Shinai is a substitute sword made of bamboo used in the Japanese martial art of kendo for training or for hitting or pushing against armor (Kendo) in tournaments. In the Azuchi-Momoyama period (1558-1600), some kenjutsu, or sword fighting, schools began using bamboo swords covered with leather sleeves and called 'fukuro shinai' for sparring practice, and the Edo period (1603-1868), with the development of armor, saw the appearance of the 'warijinai' (split bamboo sword).
They are occasionally called 'chikuto.'
There is a theory that the name 'shinai' comes from the Japanese word 'shinau' (bend).
Due to this, although usually written with the characters for 'bamboo' and 'sword,' it is sometimes written with the character for 'bend.'
The forerunner of the All Japan Kendo Federation (AJKF) was the All Japan Shinai Competition Federation.
With shinai replacing 'bokuto' wooden swords, it became possible for people to directly hit each other in tournaments. The following describes warijinai unless otherwise mentioned.
Shinai are made by cutting a piece of bamboo (usually Taiwanese 'keichiku' bamboo or Japanese 'madake' bamboo) lengthways into eight, four of which are then tied together using deer skin at the tip and the grip.
A piece of string called a tsuru is tied along one side from the tip to the tsuka (hilt), and the side with the tsuru is called 'mine' and the other side is called 'habu.'
Nowadays, durable carbon fiber shinai are also used.
The tsuba, or guard, is usually made of leather or plastic (though some are made of wild boar or shark skin), and is disk-shaped with a hole in the center. The tsuba is slid from the tsuka-gashira (pommel) to the tsuka and is held in place with a tsubadome, made of non-slip rubber, which is also put on from the tsuka. In recent years, combined tsuba and tsubadome have started to be sold. Since the tsuba can be easily removed, it is possible to carry it separately from the shinai in the shinai bag. However, since it can be easily removed, it can also come off easily while training.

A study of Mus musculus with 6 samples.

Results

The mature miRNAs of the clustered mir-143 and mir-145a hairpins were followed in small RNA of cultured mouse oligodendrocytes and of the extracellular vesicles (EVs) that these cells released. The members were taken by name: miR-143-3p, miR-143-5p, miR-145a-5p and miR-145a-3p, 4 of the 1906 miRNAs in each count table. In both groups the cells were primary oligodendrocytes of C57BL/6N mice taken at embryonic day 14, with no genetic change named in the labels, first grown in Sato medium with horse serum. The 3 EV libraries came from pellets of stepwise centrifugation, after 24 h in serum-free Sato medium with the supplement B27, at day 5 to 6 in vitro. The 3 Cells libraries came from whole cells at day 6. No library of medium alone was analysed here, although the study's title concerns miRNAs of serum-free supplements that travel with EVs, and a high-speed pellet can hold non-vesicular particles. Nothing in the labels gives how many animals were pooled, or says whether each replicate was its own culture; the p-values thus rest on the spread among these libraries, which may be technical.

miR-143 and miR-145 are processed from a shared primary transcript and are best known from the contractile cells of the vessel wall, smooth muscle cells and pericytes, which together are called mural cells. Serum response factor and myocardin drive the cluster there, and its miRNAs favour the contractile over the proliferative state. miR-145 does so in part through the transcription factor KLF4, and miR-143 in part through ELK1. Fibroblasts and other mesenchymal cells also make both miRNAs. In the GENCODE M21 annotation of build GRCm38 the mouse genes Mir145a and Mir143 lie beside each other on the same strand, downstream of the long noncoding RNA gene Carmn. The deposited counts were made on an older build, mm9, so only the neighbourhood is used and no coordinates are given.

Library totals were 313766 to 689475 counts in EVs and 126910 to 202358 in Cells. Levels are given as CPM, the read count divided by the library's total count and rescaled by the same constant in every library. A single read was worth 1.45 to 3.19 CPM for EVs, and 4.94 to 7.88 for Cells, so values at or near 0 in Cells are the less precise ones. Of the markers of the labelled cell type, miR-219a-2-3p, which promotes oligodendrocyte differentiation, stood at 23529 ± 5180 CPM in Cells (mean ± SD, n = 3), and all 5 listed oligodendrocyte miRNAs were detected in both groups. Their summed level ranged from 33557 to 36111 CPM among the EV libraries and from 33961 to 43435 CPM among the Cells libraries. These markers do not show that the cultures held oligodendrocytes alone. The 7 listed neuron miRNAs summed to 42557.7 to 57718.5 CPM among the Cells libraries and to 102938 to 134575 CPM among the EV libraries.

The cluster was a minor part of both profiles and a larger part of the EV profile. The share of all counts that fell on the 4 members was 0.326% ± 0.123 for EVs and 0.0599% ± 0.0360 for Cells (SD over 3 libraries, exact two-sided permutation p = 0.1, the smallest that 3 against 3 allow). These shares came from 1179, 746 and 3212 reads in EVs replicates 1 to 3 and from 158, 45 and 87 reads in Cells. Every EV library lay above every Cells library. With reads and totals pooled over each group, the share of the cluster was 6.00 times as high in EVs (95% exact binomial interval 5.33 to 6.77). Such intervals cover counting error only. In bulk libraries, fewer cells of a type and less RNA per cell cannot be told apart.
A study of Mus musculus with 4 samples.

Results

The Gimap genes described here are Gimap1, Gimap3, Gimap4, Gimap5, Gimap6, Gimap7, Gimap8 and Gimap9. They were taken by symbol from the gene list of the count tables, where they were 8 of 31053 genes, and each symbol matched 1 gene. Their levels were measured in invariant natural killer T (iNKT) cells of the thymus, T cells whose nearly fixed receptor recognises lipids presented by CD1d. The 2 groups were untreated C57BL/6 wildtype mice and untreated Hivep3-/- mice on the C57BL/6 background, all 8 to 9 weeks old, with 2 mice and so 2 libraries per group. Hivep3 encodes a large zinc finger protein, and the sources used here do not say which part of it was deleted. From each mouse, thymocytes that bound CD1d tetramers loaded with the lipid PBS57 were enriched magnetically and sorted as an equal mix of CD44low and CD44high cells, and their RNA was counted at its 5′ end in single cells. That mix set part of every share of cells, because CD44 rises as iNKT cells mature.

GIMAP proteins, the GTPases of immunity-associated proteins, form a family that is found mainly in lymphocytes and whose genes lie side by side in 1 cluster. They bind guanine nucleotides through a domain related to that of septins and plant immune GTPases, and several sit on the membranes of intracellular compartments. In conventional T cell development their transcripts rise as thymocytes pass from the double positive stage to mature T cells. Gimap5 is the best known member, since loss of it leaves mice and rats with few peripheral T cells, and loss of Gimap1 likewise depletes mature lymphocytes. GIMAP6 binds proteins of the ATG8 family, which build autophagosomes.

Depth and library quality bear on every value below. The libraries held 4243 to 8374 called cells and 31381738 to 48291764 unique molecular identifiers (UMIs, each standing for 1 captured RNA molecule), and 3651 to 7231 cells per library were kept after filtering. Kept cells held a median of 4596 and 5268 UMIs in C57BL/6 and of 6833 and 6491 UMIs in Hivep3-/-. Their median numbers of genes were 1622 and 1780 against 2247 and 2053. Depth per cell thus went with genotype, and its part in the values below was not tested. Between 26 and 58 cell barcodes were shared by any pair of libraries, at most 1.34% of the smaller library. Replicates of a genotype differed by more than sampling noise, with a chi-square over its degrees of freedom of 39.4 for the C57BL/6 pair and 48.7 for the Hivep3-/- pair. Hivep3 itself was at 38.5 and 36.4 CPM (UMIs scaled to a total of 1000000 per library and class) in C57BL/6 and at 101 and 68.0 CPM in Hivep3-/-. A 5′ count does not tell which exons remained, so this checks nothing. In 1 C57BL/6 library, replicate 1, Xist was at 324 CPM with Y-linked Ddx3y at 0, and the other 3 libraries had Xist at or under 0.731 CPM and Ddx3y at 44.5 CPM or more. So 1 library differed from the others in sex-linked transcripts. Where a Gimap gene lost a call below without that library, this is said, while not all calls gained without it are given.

Because of the noise they make, shinai are also used as weapons in overseas pro wrestling, such as the WWE, where they are known as kendo sticks.
Although originally the same length as Japanese swords, towards the end of the Edo period, many people started using shinai over 1.2 meters long since it gave them an advantage in tournaments (the famous Susumu OISHI used a very long shinai of 5 shaku 3 zun, or about 161 cm), and due to the above situation it is said that people began to use shinai longer than swords.
To regulate the increasing lengths of shinai, the Kobusho (a military academy set up by the Edo Shogunate) declared in 1856 that, 'shinai longer than 3 jaku 8 sun (about 95cm) are not acceptable' and this became the set length. The tradition of using shinai of 3 jaku 8 sun was maintained after the Edo period. However some swordsmen used short shinai, as if they were using a short sword. Tesshu YAMAOKA and Hiromichi NAKAYAMA are well known for using this kind of short sword.
Currently there are different length of shinai available; common sizes are size 36 (3 jaku 6 sun, 109 cm) for primary students, size 37 (3 jaku 7sun, 112cm) for junior high school students, size 38 (3 jaku 8 sun, 115cm) for high school students, university students and adults, and size 39 (3 jaku 9 sun, 118cm) for university students and adults. With an increase in the average of height of Japanese, the longest shinai, for university students and adults, was also increased from 3 jaku 8 sun to 3 jaku 9 sun.
The tsuka is usually circular, but there is also an oval-shaped tsuka, known as kobangata. Some people say a kobangata tsuka is easier for beginners to use since the feeling of holding the oval-shaped tsuka is similar that of holding a sword.